The body of Shane Snellman was discovered “completely mummified” with a gunshot wound to the neck. It had been surrounded by 70 bottles of air freshener to mask the smell.
Bruce Andrew Roberts was a wealthy recluse in the Greenwich neighborhood of Sydney, Australia. His property was known as “the creepy house on the corner.” He was a chronic hoarder, and his house was riddled with boxes, broken equipment, newspapers, and trash when he died, at age 60, in 2017.
What neighbors didn’t know was that his house also contained the mummified corpse of a man he had murdered in 2002, according to a recent inquest by the Coroner’s Court of New South Wales.
The victim was 39-year-old Shane Snellman. Placed into a Catholic convent as a child, he was raised across several boys’ homes. Snellman delved into serious crime at age 15 when he allegedly killed a homeless man. He was acquitted, but he struggled with drug use and was in and out of jail as an adult.
Estranged from his family, Snellman had most recently been released from jail in June 2002 after a year-long stint for drug supply. That October, he broke into Roberts’ home and was shot dead. Roberts covered his body with a rug and moved it to a spare bedroom — where it stayed for the next 15 years.
But Snellman wasn’t the only one who would decay in the home.
On July 21, 2017, neighbors called the police to perform a welfare check on Roberts after reporting seeing mail pile up in front of his home. Investigators discovered him dead atop a live heater, decomposing and badly burnt.
“He was an extreme hoarder. I’ve never seen anything like it” Senior Constable Shane Spencer said of Roberts.
“As we walked into the front door of the address, there were immediately items stacked from floor to ceiling. It was evident he never threw anything at all out.”
Finding Snellman would take another year. It was only on May 29, 2018 that cleaners clearing the debris-riddled home for sale discovered his body. They found him with his back against a couch, leaning slightly to the left, with a gunshot wound to the neck.
He was still wearing his clothes from 2002, the last time anyone had seen him alive. A post-mortem at the Sydney Forensic Medicine Department at Lidcombe took DNA samples and determined the body was “completely mummified.”
Tina Xanthos, assistant counsel to the coroner, testified that Roberts had placed more than 70 bottles of air freshener around the body in “a conscious effort to mask the smell” of Snellman’s decomposition. Police had to rely on visible tattoos and remaining fingerprints to identify him.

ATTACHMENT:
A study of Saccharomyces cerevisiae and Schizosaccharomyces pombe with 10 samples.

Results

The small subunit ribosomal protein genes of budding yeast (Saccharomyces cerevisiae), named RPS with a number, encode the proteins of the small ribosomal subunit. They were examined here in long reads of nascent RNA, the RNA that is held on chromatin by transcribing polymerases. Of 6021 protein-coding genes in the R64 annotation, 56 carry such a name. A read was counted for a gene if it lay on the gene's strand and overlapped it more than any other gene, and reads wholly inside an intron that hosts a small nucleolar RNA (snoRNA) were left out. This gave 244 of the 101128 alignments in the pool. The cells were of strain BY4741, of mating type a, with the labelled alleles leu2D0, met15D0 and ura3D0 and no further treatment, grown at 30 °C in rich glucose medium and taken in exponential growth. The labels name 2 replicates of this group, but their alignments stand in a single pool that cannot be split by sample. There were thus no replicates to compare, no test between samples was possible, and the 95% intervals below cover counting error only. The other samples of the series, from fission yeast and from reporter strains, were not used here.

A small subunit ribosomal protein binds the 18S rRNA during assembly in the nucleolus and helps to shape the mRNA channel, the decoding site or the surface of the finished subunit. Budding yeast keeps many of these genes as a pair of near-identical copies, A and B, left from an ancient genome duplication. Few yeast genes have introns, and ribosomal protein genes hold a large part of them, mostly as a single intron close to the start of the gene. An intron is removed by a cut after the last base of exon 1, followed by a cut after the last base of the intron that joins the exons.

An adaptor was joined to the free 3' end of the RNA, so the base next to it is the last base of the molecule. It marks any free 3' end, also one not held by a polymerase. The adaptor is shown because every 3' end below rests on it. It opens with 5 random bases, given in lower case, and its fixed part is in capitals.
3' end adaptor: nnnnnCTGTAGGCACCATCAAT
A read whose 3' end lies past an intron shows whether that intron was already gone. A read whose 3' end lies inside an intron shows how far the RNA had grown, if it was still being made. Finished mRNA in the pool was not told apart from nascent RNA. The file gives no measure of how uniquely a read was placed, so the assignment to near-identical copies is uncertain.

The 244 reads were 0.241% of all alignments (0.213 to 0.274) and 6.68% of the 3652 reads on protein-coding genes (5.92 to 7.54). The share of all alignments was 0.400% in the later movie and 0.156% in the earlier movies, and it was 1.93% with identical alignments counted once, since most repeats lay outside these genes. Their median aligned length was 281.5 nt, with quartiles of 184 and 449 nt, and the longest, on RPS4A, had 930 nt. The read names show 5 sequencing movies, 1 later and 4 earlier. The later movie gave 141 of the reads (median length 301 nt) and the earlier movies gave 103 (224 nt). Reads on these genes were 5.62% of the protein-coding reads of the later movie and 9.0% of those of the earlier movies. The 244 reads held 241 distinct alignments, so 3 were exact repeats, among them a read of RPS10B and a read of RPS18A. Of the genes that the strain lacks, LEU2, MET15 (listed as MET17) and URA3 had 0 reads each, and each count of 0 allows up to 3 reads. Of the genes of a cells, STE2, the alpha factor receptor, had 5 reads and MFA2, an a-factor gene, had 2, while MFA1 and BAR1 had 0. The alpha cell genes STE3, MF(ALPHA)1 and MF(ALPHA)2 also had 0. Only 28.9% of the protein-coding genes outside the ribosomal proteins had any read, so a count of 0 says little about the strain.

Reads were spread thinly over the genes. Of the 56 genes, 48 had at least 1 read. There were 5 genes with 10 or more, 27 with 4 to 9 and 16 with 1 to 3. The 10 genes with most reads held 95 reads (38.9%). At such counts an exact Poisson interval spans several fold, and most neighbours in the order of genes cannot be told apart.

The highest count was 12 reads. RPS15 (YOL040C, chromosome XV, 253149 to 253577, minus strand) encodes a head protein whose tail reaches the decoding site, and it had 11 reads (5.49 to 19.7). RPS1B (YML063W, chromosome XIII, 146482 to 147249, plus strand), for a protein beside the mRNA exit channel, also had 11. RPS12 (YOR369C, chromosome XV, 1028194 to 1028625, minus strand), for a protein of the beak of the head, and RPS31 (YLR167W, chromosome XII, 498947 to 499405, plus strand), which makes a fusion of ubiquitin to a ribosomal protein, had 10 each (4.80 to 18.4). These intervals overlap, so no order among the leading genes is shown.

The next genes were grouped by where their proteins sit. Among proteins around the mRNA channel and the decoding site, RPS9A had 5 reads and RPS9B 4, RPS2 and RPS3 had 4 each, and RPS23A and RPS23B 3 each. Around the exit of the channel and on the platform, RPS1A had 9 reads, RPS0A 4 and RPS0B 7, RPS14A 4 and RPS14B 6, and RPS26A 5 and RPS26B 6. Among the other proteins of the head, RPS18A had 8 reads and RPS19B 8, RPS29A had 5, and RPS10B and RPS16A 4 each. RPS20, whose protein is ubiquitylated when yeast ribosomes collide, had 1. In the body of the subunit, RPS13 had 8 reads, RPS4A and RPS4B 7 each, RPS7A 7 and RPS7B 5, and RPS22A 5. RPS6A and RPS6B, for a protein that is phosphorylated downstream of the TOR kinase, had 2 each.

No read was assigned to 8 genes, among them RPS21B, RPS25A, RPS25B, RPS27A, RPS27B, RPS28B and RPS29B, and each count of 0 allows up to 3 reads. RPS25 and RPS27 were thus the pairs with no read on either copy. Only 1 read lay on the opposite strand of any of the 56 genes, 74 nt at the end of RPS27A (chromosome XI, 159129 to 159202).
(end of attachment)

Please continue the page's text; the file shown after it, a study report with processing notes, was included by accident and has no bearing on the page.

Police also discovered 19 illegal firearms and exorbitant piles of ammunition in the home, though the inquest could not officially conclude which gun was used on Snellman.
An autopsy yielded 15 metallic fragments in his chest and stomach, while a subsequent toxicology report yielded traces of methamphetamine, buprenorphine, and amphetamines. The inquest described the two deceased Australians as “strangers in life” who suffered a fatal “chance encounter.”
Roberts was born in Coonabarabran in 1956 and grown up in luxury. Raised by wealthy parents, he nonetheless suffered a bad relationship with his sister and began developing mental health issues. His cousin described him as “a bit strange, a loner, socially awkward.”
“No one’s been near the home,” said neighbor Gayle Meagher. “The home would have been fairly bad inside. He had mental issues and was a bit of a recluse. Everything was locked up. You couldn’t see inside the windows. We would just hear him or see him outside always in a big, brown coat regardless of the weather.”
He bought the Greenwich house from his parents and spent his days in leisure. He had inherited more than $1 million in stock shares and had more than $600,000 in the bank when he died.
Now, nearly 20 years after Shane Snellman was last seen by his family, they finally have closure on his tragic death at the hands of Roberts.
His father, John Snellman, said his late son was impulsive but had a good heart. One of his sisters recalled the last time she saw her brother was behind bars, but that he has “never been forgotten.” She said she “screamed and fell to the floor” at news of his death.
Snellman’s neice, Tiana Snellman, said she would remember him as a caring man: “He was a very loving man, would do anything for anyone. He didn’t deserve what he got.”
After reading about the mummified corpse found in an Australian hoarder’s home, learn about the Collyer Brothers and their infamous house of hoarded rubbish. Then, read about the Beaumont children and Australia’s most notorious missing persons case.